You Should NOT Be Choosing Stocks
Updated: Jan 9, 2022
I hurts me to my core to hear people talk about how much stock they own in the company that they work for. It's not that having stock in your own company is a bad thing, but it takes me down a rabbit hole of wondering how much stock they have in one company, how many other stocks the person may have, what types of companies a person in invested in and on and on. I won't suggest particular individual stocks for investments. At least not at first. There are levels to this and choosing stock is like jumping in at the wrong end of the pool. The easiest way to begin investing is to start with mutual funds that have low expense ratios and that have a time frame that lines up with your goal time frame. I want to be explicit here, so here we go:
Stocks - a financial instrument (like a check, or a dollar bill), that represents ownership in a company. Stocks can be bought and sold, based on the perceived value of the company.
Mutual fund - is a group of stocks bundled together, selected by a professional stock picker. The fund can be purchased in shares, like stock, but instead of owning one stock, you’d own one share of the fund and the fund share represents ownership in multiple stocks. (This is an extremely simplified explanation of mutual funds here is the the technical definition).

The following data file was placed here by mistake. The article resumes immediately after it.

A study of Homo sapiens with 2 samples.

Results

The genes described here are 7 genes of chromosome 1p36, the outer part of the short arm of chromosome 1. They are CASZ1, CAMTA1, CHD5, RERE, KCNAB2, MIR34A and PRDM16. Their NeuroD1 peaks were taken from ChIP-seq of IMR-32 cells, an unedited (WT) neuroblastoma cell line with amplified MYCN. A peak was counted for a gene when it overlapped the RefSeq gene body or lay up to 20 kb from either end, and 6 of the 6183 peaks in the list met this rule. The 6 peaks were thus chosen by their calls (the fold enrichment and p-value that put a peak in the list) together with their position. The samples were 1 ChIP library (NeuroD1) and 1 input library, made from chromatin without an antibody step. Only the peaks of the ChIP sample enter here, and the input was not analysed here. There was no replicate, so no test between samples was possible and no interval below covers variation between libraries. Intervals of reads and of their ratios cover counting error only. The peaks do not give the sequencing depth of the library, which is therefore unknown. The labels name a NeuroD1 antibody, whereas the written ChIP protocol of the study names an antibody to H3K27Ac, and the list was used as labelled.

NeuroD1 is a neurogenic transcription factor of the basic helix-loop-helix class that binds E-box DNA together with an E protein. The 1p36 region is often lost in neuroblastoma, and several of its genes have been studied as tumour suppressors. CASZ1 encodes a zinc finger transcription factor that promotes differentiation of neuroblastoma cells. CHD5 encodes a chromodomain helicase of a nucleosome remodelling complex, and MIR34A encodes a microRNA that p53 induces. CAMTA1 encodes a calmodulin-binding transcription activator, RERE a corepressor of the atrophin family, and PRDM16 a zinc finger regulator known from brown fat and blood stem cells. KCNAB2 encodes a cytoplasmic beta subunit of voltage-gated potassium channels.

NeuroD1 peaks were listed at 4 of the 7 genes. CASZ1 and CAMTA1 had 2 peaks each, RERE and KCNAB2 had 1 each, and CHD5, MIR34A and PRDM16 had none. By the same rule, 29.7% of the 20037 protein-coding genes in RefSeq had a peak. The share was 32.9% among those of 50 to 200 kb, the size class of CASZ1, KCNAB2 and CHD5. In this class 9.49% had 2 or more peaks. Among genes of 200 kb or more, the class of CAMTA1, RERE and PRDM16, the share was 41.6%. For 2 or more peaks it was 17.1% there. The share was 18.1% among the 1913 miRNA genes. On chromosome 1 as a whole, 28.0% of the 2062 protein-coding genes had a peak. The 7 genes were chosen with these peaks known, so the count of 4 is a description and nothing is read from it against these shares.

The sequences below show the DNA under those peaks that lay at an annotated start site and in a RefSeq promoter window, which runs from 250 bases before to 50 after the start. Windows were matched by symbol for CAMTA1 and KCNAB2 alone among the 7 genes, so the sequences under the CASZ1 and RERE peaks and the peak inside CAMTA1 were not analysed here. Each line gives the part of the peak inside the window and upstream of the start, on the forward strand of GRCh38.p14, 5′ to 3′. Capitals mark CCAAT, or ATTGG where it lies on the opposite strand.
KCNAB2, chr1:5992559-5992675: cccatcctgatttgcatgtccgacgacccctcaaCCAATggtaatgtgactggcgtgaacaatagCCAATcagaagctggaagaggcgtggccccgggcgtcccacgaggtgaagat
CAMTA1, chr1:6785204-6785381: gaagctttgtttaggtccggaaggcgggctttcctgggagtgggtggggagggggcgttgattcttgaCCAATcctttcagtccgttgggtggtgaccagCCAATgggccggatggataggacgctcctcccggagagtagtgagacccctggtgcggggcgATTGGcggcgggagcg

Expense ratio - fees associated with buying and selling mutual funds.
Portfolio - a collection of stocks, bonds, commodities, cash, and cash equivalents, etc. Holistically though, your portfolio consists of all of your assets and investments, and could include property, annuities and other instruments that you intend to use to create wealth.
I don’t recommend individual stocks because I don’t think the average investor (and I’m the average investor) has the time, interest, or desire to choose individual stocks that will lead to a balanced, varied portfolio. Variation based on strategy and investment time frame is called diversification and whether you’re new to this, or have been in it for years, it’s not easy to master using individual stocks. So, while I have a few stocks lying around (and I give them as gifts), I focus on mutual funds for actual investment strategy. And if you run across someone who encourages you to buy individual stocks as your total investment strategy, you might want to give them the side eye. While you may have individual stocks, it’s unlikely that that would be a long term, diversified strategy for any of us.